June 22, 2020
Covid 19 – the situation in Salonga

Covid-19 is a major threat to national parks that are heavily dependent on tourism. People can come in contact with wild animals and potentially transmit the virus.

Currently, tourism has been discontinued in many projects, e.g. in Dzangha-Sanga in the Central African Republic, to reduce this risk. Researchers in our projects also have clear guidelines and procedures for keeping the distance. All these measures should help to reduce the risk of transmission between humans and animals. 

In Salonga there is no known COVID-19 case so far, as the region is very remote. At current, there is not yet any active tourism, although we get more and more requests of individuals wanting to explore Salonga. Our research projects employ mostly indirect measures through camera trapping and an observation platform and have thus not posed any risk to threatened species living there.

Impacts of COVID-19 are nevertheless felt on site, as all activities that could lead to a possible danger for humans and animals have been temporarily suspended. For example, current human rights-based ranger training courses needed to be interrupted to avoid large crowds of people.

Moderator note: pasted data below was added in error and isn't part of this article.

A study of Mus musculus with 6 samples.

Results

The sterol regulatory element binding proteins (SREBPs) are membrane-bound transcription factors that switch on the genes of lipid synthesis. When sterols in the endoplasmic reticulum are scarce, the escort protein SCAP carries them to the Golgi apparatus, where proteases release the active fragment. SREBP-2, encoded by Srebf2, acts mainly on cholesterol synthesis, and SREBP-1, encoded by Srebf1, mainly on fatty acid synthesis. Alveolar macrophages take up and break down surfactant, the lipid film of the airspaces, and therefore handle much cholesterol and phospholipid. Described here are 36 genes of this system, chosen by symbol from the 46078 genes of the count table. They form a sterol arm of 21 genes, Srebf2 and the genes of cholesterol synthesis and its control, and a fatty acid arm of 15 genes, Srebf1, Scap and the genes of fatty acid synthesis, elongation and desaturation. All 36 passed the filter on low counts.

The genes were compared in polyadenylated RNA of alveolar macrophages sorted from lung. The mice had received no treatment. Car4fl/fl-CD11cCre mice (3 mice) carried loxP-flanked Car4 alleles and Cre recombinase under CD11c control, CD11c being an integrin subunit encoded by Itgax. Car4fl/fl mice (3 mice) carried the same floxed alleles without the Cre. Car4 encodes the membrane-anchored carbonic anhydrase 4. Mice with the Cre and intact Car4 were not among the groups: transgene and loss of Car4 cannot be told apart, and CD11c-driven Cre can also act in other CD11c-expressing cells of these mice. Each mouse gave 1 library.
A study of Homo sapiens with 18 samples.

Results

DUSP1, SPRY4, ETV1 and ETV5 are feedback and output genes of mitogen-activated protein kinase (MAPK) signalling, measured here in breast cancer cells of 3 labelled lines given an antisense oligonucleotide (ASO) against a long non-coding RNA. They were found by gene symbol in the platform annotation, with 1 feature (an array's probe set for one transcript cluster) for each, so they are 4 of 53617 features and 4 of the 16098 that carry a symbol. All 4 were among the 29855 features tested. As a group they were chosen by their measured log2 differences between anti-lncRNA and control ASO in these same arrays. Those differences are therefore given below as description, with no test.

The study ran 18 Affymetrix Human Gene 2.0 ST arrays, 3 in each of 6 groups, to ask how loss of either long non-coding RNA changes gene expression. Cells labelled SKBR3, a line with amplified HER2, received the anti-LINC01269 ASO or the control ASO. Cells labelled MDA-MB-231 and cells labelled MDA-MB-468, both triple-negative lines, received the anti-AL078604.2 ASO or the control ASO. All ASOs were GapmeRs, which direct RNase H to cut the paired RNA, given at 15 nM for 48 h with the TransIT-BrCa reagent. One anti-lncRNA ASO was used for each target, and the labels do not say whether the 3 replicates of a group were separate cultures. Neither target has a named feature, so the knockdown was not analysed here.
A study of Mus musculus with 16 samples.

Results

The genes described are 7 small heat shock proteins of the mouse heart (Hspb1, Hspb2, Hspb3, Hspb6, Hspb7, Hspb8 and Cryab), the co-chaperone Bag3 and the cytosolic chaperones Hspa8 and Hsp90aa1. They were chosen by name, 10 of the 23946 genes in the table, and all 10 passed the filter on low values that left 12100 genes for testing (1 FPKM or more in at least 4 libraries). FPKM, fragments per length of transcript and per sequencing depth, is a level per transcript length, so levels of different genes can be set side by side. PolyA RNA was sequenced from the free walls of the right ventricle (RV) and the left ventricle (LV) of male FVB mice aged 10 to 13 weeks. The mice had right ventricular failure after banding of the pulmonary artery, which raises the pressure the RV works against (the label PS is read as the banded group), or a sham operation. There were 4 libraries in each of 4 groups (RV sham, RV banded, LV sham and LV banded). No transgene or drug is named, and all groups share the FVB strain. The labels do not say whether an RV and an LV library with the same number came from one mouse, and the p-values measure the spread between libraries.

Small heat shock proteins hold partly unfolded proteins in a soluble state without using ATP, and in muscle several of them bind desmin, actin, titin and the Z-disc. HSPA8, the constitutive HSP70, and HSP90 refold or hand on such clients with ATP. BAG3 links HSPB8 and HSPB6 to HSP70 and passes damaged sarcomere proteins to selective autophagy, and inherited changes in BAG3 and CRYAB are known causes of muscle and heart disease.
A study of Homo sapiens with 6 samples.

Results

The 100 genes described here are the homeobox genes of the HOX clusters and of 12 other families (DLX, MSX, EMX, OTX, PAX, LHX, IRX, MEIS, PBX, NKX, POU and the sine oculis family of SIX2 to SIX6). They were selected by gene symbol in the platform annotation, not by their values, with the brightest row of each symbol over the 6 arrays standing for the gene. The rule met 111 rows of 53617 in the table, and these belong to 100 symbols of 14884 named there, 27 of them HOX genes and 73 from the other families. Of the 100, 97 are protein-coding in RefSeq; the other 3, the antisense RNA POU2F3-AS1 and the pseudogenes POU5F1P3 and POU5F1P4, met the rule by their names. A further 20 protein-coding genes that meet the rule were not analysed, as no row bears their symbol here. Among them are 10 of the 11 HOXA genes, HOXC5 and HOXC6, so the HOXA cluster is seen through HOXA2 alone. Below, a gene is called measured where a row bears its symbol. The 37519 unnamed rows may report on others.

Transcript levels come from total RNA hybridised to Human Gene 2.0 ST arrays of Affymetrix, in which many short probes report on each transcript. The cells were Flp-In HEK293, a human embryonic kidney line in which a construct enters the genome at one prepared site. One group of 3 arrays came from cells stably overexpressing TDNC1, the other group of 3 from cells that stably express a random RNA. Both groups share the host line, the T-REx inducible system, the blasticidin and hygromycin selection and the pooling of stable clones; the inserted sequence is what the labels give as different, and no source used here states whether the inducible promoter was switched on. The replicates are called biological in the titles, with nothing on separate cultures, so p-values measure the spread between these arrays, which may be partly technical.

The trainers have therefore adapted their approach and are continuing the programme through mentoring small patrol groups. A second phase training comprising many ecoguards will now have to take place later once COVID-19 restrictions can be lifted again.

In addition, there are limitations in community work and rural development, so that only measures will be implemented where the applicable distance and assembly regulations can be maintained. This is for example relevant in working with schools.

Our partners and we are also raising awareness among the local population about the dangers of COVID-19 and inform them about reasonable hygiene measures. Local measures include amongst other things, the establishment of hand washing stations, the distribution of masks, and the support of people sewing masks themselves.

Work that can be carried out by fewer than 20 people continues as usual in the DRC. In Salonga, this concerns for example biomonitoring in the clearings, ranger patrols, work with model farmers, coffee harvesting and other agricultural work that does not involve larger groups.